Research is shedding new light on people living with dementia, proving the importance of quality of life and how proper support can assist them to live better lives after diagnosis.
According to the research, staying active and engaged optimises physical and mental health of someone living with dementia and can slow cognitive changes.
PA Hospital Occupational Therapists, Jacki Liddle and Marika Mussawir, say the vital role of OT is helping people continue to do what is important to them as they manage the challenges of the life-altering disease of dementia.
“Occupational therapy focuses on what people do, from the tiny everyday things to the big things that make their life meaningful.
“When we work with people living with dementia, we find out what they need and want to do, what challenges they are facing, and we assess their regular environments to assist them in keeping their independence,” said Jacki.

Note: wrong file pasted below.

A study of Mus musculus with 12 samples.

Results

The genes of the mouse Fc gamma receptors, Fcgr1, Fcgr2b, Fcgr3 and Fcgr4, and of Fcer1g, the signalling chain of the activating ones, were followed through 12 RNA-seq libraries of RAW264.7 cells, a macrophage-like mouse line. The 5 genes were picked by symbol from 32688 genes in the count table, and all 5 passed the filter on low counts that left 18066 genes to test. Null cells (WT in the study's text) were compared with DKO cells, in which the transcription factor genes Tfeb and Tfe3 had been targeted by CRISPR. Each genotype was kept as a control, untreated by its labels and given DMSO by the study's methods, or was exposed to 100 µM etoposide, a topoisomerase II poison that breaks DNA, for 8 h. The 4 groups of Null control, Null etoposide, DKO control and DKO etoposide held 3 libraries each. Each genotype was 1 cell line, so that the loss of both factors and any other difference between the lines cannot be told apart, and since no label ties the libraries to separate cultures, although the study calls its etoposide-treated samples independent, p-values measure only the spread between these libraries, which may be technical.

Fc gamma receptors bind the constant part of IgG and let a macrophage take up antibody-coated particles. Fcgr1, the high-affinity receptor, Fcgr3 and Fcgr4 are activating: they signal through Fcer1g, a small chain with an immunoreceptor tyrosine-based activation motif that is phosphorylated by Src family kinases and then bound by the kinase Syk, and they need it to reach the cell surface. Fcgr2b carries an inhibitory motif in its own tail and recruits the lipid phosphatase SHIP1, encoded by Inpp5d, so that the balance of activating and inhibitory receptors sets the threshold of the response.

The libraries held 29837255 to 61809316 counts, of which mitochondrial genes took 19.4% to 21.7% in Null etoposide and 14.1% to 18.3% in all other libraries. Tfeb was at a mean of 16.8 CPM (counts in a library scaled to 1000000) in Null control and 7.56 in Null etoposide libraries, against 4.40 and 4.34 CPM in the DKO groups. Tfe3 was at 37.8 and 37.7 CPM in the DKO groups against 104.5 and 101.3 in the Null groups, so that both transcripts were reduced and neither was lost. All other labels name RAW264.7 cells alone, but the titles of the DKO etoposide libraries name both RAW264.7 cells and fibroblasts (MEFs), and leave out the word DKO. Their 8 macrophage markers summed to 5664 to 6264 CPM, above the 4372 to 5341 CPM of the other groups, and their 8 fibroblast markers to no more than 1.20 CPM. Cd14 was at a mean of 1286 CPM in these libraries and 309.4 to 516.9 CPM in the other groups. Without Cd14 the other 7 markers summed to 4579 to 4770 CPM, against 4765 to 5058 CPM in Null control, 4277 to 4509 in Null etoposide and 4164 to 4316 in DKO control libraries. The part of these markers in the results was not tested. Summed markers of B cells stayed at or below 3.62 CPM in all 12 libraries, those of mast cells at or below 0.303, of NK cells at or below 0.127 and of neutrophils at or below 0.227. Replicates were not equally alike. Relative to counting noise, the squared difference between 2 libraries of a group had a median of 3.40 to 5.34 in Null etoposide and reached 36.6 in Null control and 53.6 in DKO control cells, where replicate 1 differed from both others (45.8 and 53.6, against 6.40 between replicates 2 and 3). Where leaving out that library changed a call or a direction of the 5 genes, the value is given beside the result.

Research also shows that OT interventions for people living with dementia can significantly improve the quality of life of their caregivers.
“We want to help people to continue doing the things that make the day fun, engage in their communities, stay safe at home and continue to be part of their social networks,” said Marika.
“We consider memory and thinking, physical movement, sensory needs, and many other aspects for this cohort of patients to help promote independence.”
The practice of occupational therapy and the skilled professionals that deliver it has played an important part in many specialty areas of the PAH since the 1960’s, providing support to patients when circumstances change for them.